Britain’s capital London has become one of the crime capitals of the world. Now the authorities in London have declared staring a sex crime, leaving many to question the vagueness and potential abuse of this classification.
In March this year, London’s mayor, warned Londoners that staring on public transport qualifies for sexual harassment and won’t be tolerated. Khan’s office along with Transport for London (TFL) created posters warning passengers on public transport to refrain from “intrusive staring.” The poster reads:
Intrusive staring of a sexual nature is sexual harassment and is not tolerated.
The poster instructs anyone witnessing such an act to text or call the authorities. It also provides a number to a “sexual harassment line” where witnesses can call anonymously to report staring of a sexual nature.
Following this categorization of staring as a kind of sex crime, advocates of women rights and freedom have debated the issue on traditional and social media. Though the warning posters by Mayor Khan and TFL don’t specify starting by or at any gender, both critics and supporters of the declaration have taken it to mean staring at women by men. Supporters of the move say it will help check the harassing advances of male passengers toward females, something frequently witnessed on public transport.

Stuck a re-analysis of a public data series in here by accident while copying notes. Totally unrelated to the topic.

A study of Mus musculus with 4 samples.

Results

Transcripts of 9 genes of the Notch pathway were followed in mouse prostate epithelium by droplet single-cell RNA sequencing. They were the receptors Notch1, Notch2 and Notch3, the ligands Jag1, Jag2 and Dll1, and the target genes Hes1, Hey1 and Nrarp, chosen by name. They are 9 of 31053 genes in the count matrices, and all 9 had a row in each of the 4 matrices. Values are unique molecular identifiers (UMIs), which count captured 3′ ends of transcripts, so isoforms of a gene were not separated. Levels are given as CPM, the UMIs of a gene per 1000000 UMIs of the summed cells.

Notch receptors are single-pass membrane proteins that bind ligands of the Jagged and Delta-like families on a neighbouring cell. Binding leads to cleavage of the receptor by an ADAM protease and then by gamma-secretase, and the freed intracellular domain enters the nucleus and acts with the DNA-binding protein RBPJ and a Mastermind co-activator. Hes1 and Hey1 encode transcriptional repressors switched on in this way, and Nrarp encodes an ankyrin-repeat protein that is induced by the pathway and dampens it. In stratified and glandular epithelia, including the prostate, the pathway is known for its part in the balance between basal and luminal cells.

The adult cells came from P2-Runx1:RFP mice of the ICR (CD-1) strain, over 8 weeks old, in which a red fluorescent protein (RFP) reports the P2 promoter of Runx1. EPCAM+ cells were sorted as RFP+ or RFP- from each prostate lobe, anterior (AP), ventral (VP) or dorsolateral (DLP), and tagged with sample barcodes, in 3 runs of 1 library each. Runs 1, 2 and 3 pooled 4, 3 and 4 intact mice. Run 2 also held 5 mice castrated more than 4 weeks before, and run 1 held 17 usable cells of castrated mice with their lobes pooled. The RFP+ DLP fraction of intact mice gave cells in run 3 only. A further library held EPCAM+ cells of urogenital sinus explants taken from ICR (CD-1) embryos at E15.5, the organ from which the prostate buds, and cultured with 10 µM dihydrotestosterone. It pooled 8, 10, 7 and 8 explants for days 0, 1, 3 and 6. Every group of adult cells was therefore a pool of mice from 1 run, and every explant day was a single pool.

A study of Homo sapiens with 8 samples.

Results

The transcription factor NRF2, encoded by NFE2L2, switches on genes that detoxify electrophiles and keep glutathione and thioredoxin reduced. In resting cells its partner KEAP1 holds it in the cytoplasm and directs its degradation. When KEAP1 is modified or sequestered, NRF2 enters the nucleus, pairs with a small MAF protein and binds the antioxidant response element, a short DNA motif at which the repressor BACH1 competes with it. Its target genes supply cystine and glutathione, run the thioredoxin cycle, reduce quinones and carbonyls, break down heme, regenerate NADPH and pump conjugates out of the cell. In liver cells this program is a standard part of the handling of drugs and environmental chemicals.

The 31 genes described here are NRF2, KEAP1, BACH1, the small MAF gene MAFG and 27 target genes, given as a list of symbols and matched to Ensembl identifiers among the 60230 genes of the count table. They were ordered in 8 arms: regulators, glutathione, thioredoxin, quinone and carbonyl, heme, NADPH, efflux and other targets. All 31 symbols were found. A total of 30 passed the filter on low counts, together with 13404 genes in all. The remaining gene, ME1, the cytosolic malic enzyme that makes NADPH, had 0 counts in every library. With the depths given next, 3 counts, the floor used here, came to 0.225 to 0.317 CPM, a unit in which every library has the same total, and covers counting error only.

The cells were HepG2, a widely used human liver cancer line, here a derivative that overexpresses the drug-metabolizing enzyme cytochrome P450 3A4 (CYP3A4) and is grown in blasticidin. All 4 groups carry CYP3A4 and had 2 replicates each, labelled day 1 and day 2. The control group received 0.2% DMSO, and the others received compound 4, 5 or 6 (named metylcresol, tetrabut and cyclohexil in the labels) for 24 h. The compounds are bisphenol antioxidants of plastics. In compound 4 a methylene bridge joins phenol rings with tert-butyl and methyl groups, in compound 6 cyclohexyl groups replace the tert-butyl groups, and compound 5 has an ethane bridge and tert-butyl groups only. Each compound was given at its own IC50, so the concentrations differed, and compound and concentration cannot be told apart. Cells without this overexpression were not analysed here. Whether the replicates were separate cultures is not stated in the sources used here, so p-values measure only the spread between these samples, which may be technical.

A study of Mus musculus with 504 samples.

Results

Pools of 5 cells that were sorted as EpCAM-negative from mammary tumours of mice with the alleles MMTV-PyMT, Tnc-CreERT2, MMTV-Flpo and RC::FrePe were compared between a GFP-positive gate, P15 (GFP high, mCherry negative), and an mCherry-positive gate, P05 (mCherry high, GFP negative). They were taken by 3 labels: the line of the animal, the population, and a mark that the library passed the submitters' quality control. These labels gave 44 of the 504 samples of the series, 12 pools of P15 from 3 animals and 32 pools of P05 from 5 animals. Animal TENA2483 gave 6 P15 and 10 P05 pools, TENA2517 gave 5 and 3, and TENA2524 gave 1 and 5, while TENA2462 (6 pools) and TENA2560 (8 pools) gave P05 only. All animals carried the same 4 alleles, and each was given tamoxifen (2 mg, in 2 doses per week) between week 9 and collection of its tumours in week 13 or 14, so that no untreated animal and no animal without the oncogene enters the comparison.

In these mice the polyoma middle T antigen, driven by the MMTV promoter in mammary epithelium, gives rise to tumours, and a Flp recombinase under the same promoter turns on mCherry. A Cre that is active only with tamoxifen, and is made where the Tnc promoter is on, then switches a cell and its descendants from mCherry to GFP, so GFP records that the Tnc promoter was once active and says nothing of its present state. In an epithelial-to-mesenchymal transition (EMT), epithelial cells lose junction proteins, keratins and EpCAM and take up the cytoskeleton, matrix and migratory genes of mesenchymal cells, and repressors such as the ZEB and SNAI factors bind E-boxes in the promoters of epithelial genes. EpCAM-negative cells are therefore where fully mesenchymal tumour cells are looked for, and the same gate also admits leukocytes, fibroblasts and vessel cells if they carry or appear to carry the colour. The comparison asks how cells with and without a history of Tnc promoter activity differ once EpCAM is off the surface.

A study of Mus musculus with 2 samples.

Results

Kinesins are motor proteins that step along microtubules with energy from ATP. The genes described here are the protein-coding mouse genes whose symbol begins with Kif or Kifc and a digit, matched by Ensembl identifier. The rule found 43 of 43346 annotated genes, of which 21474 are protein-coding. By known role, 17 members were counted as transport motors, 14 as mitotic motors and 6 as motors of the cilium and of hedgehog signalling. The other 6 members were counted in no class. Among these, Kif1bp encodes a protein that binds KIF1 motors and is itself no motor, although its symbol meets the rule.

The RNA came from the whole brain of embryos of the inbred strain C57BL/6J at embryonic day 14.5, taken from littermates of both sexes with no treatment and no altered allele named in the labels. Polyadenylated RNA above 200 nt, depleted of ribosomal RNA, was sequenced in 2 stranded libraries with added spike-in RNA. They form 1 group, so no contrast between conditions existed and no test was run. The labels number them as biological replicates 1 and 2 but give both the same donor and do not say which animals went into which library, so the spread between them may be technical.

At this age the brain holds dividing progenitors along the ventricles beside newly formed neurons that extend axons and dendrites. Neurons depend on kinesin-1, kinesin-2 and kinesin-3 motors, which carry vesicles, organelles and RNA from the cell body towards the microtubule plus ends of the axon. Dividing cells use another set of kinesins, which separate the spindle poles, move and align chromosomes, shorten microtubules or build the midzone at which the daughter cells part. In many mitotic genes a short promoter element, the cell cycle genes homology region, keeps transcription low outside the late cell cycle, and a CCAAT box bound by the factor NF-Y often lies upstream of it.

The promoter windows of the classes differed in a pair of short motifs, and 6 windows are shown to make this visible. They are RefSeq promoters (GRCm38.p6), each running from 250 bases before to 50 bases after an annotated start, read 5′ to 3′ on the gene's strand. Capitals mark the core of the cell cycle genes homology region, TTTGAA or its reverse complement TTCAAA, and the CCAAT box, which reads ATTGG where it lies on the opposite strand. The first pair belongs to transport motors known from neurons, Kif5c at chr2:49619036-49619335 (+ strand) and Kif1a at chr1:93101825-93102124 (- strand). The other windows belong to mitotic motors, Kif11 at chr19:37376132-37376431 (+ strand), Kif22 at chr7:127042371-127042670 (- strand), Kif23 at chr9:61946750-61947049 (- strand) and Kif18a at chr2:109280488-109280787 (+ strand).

But critics, including women, are concerned that making starting a sex crime is government overreach and opens the gates to abuse of the vague phrasing used in the warning. Lois McLatchie, a writer for a legal advocacy organization, questioned how somebody would determine what act of staring was intsrusive and what was innocent. Referring to government overreach apparent in the warning against staring, McLatchie said:
Big Brother is watching.
Sadiq Khan, a Muslim of Pakistani descent, infamously made news in 2016 when he announced plans to ban ads showing women in revealing dresses on public transport. Politically aligned with the liberals in and outside Britain, Khan’s move was slammed as an attempt to bring an Islamic code of dress to London’s transport system. Under Khan’s rule, London has made news numerous times for unchecked crime and violence. Last year, Statista reported that London police recorded crime figures showing an increase of 168.76 thousand criminal offenses in the year 2019-20 as against the stats in 2015-16.
Gender historian Zoe Strimple, appearing on Good Morning Britain, pointed to the surging crime in London, including sex crime against women, and wondered why the authorities would not focus on using the limited resources to combat crimes of serious nature instead of wasting efforts on claims of sexual staring.